Gov. Whitmer: Meeting with GM's Mary Barra 'in the works'
Michigan Gov. Gretchen Whitmer tours the North American International Auto Show during media preview days at Cobo Center in Detroit. The Detroit News
Detroit — Michigan Gov. Gretchen Whitmer said Tuesday a meeting with General Motors CEO Mary Barra "is in the works" to discuss the Detroit automaker's plans to cut 8,000 salaried employees, idle four U.S. plants and imperil 3,300 hourly workers.
Asked after walking the floor at the Detroit auto show for the first time as governor if she could report any progress on convincing GM to reverse course on its austerity plans, Whitmer said: "I have not yet met with Mary Barra, I know a meeting is in the works. I did have a brief meeting earlier today with the premier of Ontario, but we did not discuss this particular (topic).
"Michigan jobs are first and foremost on my mind," Whitmer continued. "We need to know that the investment is here and that people are at threat of being displaced or without a job are relocated as quickly as possible and that we’re going to continue to make their investment in Michigan and thrive here."
Weeks before Whitmer took office, GM announced plans to cease production next year at Lordstown, at its Detroit-Hamtramck and Warren Transmission plants in Michigan, at Oshawa Assembly in Ontario and at Baltimore Operations in Maryland. Work will stop next year at predetermined dates, but plants will not officially close. The future of those facilities will be determined during 2019 negotiations with the United Auto Workers union.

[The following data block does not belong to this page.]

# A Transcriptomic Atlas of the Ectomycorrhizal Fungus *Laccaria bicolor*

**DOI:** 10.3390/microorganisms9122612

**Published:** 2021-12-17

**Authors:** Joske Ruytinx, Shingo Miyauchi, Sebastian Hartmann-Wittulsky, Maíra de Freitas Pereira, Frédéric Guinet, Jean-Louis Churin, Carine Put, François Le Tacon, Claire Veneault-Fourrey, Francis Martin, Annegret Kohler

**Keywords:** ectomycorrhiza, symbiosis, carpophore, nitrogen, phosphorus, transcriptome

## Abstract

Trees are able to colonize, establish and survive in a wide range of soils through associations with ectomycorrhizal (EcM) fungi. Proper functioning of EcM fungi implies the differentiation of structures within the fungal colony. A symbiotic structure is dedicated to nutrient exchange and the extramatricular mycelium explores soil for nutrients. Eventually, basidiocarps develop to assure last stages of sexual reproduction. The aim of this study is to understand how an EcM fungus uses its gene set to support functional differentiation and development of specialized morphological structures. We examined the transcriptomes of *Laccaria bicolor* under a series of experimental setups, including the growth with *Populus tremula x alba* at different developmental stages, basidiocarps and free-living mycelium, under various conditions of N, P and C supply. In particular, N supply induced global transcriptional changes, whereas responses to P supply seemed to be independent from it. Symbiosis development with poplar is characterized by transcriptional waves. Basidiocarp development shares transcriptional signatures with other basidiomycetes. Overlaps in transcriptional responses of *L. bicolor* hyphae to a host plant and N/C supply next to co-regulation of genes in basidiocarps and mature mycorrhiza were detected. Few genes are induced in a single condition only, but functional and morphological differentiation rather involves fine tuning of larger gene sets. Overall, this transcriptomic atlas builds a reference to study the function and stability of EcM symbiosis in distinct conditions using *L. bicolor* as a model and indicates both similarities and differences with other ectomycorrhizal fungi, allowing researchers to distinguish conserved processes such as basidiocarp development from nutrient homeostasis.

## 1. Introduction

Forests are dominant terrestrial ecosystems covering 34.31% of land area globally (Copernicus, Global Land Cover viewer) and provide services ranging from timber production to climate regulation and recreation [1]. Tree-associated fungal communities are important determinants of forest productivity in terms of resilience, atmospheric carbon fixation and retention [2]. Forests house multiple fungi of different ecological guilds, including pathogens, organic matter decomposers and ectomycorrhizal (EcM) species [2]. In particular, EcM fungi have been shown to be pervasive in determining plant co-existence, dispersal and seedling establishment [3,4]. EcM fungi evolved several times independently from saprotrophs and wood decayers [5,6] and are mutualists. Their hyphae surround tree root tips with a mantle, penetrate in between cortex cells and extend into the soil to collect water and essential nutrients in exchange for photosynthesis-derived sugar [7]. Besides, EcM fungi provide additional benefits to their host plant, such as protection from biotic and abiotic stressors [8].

The company is planning to lay off nearly 6,000 salaried workers next year after a buyout program last month only had 2,250 takers. The salaried buyouts and the layoffs together will affect 8,000 North American employees and a number of global executives, none of whom are part of the senior leadership team.
GM later attempted to give clarity about what the plant idlings might mean: It expects be able to offer new positions to about 2,700 of those workers through transfers. But some of those workers would have to commute long distances, or even move to other parts of the country.
Whitmer said Tuesday that she is not convinced GM's decisions are final.
"I’m not convinced of any such thing," she said. "I just want to acknowledge that there are a lot of hard-working people who are worried about what their options are going to be. There’s been messages from the company that there will be other options with the company elsewhere, but what that means I don’t think we have information on that."
Whitmer said her first tour of the North American International Auto Show convinced her that Michigan is well-positioned to attract auto jobs of the future.
"I am walking this floor marveling at so much of the work that produces the amazing vehicles on this floor happens right here in Michigan," she said. "Michigan is the center of research and development and innovation. You know, connected vehicles, autonomous. This is where mobility of the future is going to continue to be lead from and any company in the mobility space should continue to make a big investment here."